Angela Eagle and other key members of the Shadow Cabinet are demanding a meeting with Jeremy Corbyn to urge him to step down as Labour leader.
The HuffPost UK has learned Eagle, Lisa Nandy and John Healey want to meet with Corbyn tomorrow to ask him to quit.
The meeting is being called for after mass walkouts from the Shadow Cabinet – triggered by the sacking of Shadow Foreign Secretary Hilary Benn.
A Labour insider told HuffPost UK: “The soft left – Angela Eagle, Lisa Nandy, John Healey etc – want a meeting with Jeremy where they will say they are not going to support his continued leadership.”
The meeting comes after a series of Labour frontbenchers quit today, starting with Shadow Health Secretary Heidi Alexander at 8.30am and ending with Shadow Leader of the House Chris Bryant at 9.30pm.
Despite rumours Eagle was planning to walk out alongside her colleagues, she has remained in post.
While those around her walked out, a source close to Eagle said she was “heartbroken about the position in which the party finds itself.”
Eagle has been floated as possible successor to Corbyn, with Aberavon MP Stephen Kinnock saying in April she “has the capability to do the job.”
Corbyn has remained defiant despite the walkouts, and is planning to reveal a replacement Shadow Cabinet as soon as possible.
In a statement release this evening, Corbyn said he would stand in any leadership contest - and HuffPost UK revealed tonight he would automatically be on the ballot paper.
He said: “One clear message from last Thursday’s vote is that millions of people feel shut out of a political and economic system that has let them down and scarred our country with grotesque levels of inequality.
“I was elected by hundreds of thousands of Labour Party members and supporters with an overwhelming mandate for a different kind of politics.
“I regret there have been resignations today from my shadow cabinet. But I am not going to betray the trust of those who voted for me – or the millions of supporters across the country who need Labour to represent them.
“Those who want to change Labour’s leadership will have to stand in a democratic election, in which I will be a candidate.
“Over the next 24 hours I will reshape my shadow cabinet and announce a new leadership team to take forward Labour’s campaign for a fairer Britain - and to get the best deal with Europe for our people.”
TIMELINE OF LABOUR’S CIVIL WAR
1am: Jeremy Corbyn sacks Shadow Foreign Secretary Hilary Benn from his Shadow Cabinet. The sacking comes just hours after the Observer front page claims Benn was organising a coup against the Labour leader.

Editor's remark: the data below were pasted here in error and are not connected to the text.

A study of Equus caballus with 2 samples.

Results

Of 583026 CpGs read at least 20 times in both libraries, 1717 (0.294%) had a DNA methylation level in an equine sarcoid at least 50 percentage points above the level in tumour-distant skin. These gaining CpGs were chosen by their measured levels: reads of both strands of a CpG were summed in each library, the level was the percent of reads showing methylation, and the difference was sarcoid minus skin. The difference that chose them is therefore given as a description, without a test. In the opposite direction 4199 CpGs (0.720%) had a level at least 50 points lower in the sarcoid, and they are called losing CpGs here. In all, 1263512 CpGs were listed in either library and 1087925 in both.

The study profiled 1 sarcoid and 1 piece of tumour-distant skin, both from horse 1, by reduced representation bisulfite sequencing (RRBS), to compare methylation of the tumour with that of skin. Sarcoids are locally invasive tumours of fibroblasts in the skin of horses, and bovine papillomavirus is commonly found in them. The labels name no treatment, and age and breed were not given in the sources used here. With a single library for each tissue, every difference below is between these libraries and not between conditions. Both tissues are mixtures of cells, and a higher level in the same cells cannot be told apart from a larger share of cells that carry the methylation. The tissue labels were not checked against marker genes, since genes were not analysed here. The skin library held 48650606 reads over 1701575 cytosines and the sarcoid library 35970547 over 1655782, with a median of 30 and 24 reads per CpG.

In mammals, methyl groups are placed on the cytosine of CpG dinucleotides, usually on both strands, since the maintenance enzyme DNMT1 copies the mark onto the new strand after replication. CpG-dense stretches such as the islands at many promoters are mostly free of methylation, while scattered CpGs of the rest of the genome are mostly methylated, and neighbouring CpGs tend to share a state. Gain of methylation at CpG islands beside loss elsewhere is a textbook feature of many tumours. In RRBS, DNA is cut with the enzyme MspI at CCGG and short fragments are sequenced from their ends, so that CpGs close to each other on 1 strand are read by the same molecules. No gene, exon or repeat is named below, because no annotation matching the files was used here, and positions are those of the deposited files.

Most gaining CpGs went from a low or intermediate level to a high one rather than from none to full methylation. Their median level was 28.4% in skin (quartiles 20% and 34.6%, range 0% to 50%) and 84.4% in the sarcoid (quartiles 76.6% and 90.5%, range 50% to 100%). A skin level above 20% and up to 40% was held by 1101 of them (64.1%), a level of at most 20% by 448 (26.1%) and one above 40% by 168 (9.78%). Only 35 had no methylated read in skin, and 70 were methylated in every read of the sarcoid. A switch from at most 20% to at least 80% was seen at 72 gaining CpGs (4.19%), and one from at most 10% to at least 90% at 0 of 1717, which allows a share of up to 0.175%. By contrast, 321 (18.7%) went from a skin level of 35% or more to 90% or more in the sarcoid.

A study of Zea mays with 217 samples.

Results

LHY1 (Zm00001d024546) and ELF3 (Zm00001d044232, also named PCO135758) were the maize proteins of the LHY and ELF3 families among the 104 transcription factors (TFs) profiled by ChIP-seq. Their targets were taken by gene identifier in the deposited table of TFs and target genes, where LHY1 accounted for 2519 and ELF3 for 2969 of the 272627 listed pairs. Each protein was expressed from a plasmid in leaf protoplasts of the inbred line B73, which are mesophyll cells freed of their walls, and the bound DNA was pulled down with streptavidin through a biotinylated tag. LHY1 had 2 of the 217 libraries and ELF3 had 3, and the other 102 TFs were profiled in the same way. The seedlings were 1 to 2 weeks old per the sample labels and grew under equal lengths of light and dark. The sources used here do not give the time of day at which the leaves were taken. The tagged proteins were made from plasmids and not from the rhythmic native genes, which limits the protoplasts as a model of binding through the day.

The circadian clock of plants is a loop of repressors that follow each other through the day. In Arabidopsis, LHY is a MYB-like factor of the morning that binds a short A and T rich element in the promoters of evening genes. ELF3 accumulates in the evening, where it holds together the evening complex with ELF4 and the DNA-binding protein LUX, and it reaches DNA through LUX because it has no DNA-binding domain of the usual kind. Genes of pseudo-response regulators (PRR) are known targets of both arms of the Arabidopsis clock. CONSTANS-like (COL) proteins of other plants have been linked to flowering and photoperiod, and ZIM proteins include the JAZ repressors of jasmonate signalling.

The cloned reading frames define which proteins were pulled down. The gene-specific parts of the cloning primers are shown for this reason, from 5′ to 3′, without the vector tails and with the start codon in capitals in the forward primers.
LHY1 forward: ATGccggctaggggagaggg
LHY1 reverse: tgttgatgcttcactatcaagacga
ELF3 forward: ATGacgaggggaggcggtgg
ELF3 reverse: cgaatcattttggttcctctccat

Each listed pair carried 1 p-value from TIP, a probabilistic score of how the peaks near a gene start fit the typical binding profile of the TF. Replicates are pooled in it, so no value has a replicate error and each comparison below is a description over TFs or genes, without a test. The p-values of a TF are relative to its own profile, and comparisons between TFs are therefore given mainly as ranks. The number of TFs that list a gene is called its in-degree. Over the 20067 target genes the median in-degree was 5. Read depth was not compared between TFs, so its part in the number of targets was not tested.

8.30am: Shadow Health Secretary Heidi Alexander quits, telling Corbyn he does not have the “capacity to shape the answers the country is demanding”.
10am: Shadow Chancellor John McDonnell tells Corbyn’s critics to “calm down” and rules out ever standing for leader.
11.15am: Shadow Minister for Young People Gloria De Piero resigns. She tells Corbyn: “I do not believe you can deliver that victory at a general election, which may take place in a matter of months.”
11.30am: Shadow Scotland Secretary Ian Murray quits. He later tells Sky News Labour are “barely ready for opposition, let alone an election.”
12.45pm: Shadow Transport Secretary Lillian Greenwood resigns. She says Corbyn is not capable of presenting a “credible alternative Government”.
12.56pm: Shadow Education Secretary Lucy Powell announces has resigned on Twitter. In her resignation letter she tells Corbyn he does not understand the concerns of “our traditional communities…sufficiently to re-engage” with them.
1.10pm: Shadow Environment Secretary Kerry McCarthy quits. McCarthy was seen as a Corbyn ally within the Shadow Cabinet, but told him today a “new leader is needed to take on the challenges ahead.”
1.45pm: Shadow Chief Secretary to the Treasury Seema Malhotra resigns. She was John McDonnell’s deputy in the Shadow Treasury team and earlier today he was forced to deny Malhotra had been phoning MPs canvassing support on his behalf. In her resignation letter she tells Corbyn that with him as leader, Labour will not be able to “build bridges” across the party or reach out into the country.
5pm: Vernon Coaker quits.
6pm: Shadow justice secretary Lord Faloner quits.
7pm: Shadow attorney general Karl Turner resigns "with a very heavy heart".
9.20pm: Chris Bryant resigns as shadow Commons leader, saying: "We need someone new to unite and lead Labour."